Each Chicago medical malpractice attorney at our firm is well-versed in trial practice skills. Most cases settle before the need to go to trial. However, that does not mean that it is not vital to have a legal professional on your side who is capable of providing the best available trial services should the need arise to bring a case into a courtroom and in front of a jury.
Trials come with their own complexities, and even seemingly subtle issues can completely change the outcome of a case. That is why is it vital for Illinois medical malpractice attorneys to be attuned to the latest trial practice issues affecting these cases. For example, the Post-Gazette recently discussed a contentious issue in Pennsylvania about a controversial new “defense” that some medical professionals are trying to use to avoid accountability in certain medical malpractice cases.
“Error of Judgment” Rule
The state’s Supreme Court is set to hear arguments on whether or not the “error of judgment” jury instructions are appropriate in these cases. As we have frequently explained, medical malpractice cases are based on negligence. Negligence is a very specific legal principle that refers to conduct outside the bounds of reasonable conduct, where reasonable conduct is defined objectively-based on standards in the profession.
However, defense attorneys in the state are trying to argue that when giving instructions on the law to the jury in these cases, the judge should include a statement that an “error in judgment” does not constitute negligence. The jury instruction in the specific case at issue was as follows:
“Under the law physicians are permitted a broad range of judgment in their professional duties and physicians are not liable for errors of judgment unless it’s proven that an error of judgment was the result of negligence.”
The jury in that case ruled for the defense. However, the plaintiff appealed and the appellate court reversed, holding it was a mistake for the trial judge to read the abuse “error of judgment” instruction to the jury.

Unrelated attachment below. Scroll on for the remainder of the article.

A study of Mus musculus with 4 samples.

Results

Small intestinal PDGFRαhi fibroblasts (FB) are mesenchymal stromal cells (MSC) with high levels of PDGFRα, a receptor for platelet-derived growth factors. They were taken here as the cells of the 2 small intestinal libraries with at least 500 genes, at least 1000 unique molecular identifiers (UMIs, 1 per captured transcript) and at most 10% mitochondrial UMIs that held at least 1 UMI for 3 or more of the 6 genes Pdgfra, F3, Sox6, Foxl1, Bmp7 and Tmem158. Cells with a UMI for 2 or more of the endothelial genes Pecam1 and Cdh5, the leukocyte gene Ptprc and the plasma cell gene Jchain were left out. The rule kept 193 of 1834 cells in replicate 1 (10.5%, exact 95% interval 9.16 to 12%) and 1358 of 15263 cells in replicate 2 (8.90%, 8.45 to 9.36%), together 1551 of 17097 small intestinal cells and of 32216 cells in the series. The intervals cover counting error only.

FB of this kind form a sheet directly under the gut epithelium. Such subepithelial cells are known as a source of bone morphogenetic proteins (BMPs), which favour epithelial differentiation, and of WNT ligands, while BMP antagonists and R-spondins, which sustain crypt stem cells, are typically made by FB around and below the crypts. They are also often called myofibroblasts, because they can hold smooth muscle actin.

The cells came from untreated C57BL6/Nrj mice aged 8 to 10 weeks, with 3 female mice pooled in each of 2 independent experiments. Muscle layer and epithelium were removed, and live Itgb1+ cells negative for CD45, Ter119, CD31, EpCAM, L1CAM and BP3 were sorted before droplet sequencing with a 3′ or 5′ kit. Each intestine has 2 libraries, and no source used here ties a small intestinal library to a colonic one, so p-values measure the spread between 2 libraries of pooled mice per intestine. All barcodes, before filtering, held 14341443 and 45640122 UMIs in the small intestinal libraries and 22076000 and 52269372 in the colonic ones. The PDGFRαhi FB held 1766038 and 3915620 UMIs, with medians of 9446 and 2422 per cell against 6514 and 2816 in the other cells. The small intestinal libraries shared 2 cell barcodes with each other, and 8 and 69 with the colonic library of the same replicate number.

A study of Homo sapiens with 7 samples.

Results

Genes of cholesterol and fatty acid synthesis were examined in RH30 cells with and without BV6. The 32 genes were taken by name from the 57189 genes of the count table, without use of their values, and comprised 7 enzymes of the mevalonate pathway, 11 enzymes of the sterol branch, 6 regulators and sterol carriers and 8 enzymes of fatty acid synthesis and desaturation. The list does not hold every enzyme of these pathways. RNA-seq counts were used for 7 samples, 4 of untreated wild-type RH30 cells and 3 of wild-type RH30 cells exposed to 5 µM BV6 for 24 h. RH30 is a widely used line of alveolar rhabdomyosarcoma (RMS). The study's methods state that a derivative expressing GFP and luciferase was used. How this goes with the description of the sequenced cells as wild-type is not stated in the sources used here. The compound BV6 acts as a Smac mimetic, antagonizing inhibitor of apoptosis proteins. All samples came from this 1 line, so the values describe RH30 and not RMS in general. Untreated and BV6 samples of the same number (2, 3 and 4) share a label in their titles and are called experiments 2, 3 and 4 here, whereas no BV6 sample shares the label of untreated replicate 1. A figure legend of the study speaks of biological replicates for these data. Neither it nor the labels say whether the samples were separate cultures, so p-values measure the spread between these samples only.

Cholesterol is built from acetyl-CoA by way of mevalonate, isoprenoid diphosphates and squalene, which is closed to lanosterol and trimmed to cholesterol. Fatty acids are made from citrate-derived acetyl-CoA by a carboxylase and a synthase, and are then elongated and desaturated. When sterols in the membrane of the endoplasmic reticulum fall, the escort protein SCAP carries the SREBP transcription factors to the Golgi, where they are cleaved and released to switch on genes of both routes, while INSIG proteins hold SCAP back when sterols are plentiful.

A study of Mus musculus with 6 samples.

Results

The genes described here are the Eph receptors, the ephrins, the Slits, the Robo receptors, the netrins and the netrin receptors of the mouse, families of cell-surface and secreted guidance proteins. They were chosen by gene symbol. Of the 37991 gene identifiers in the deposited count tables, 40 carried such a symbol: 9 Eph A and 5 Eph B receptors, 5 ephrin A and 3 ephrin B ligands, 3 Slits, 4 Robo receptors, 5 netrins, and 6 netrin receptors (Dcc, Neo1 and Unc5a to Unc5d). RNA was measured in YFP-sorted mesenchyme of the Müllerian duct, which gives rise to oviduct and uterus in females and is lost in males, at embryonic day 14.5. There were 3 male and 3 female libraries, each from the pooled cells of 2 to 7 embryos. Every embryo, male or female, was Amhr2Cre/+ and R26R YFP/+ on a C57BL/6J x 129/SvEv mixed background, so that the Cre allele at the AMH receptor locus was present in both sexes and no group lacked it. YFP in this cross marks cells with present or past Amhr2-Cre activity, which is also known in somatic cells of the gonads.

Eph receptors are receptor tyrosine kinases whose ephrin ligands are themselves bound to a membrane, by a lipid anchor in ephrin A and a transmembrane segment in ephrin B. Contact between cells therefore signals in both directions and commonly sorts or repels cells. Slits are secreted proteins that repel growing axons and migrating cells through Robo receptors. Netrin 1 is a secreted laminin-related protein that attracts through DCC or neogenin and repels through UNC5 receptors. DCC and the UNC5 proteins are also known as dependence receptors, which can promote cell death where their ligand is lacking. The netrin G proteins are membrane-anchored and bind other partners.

It is hard to overestimate the importance of jury instructions in each individual case. At trial the jury is suppose to be a “fact finder,” making decisions about facts that are or are not true. The jury is not supposed to decide what the law is or is not. The instructions are essentially supposed to be clear explanations of what the law is. In that way, jurors are charged to make fact determinations and then apply them to the law as given to them in the jury instructions. If the legal principles outlined in the instructions are incorrect or misleading, then the jury is incapable of serving its intended function.
Our medical malpractice attorneys appreciate that in cases like this one, the “error in judgment” instruction is incredibly misleading. The law is complex, and it is vital for jurors to be given as straight-forward and explanation as possible. It might be reasonable for a jury hearing this instruction to believe that so long as a doctor just made a “judgment error” then they should not be held liable. That isn’t true. The determination is whether or not the doctor’s conduct conformed to applicable standards of care that would have been met by a reasonable doctor. Whether or not it was an “error of judgment” is irrelevant.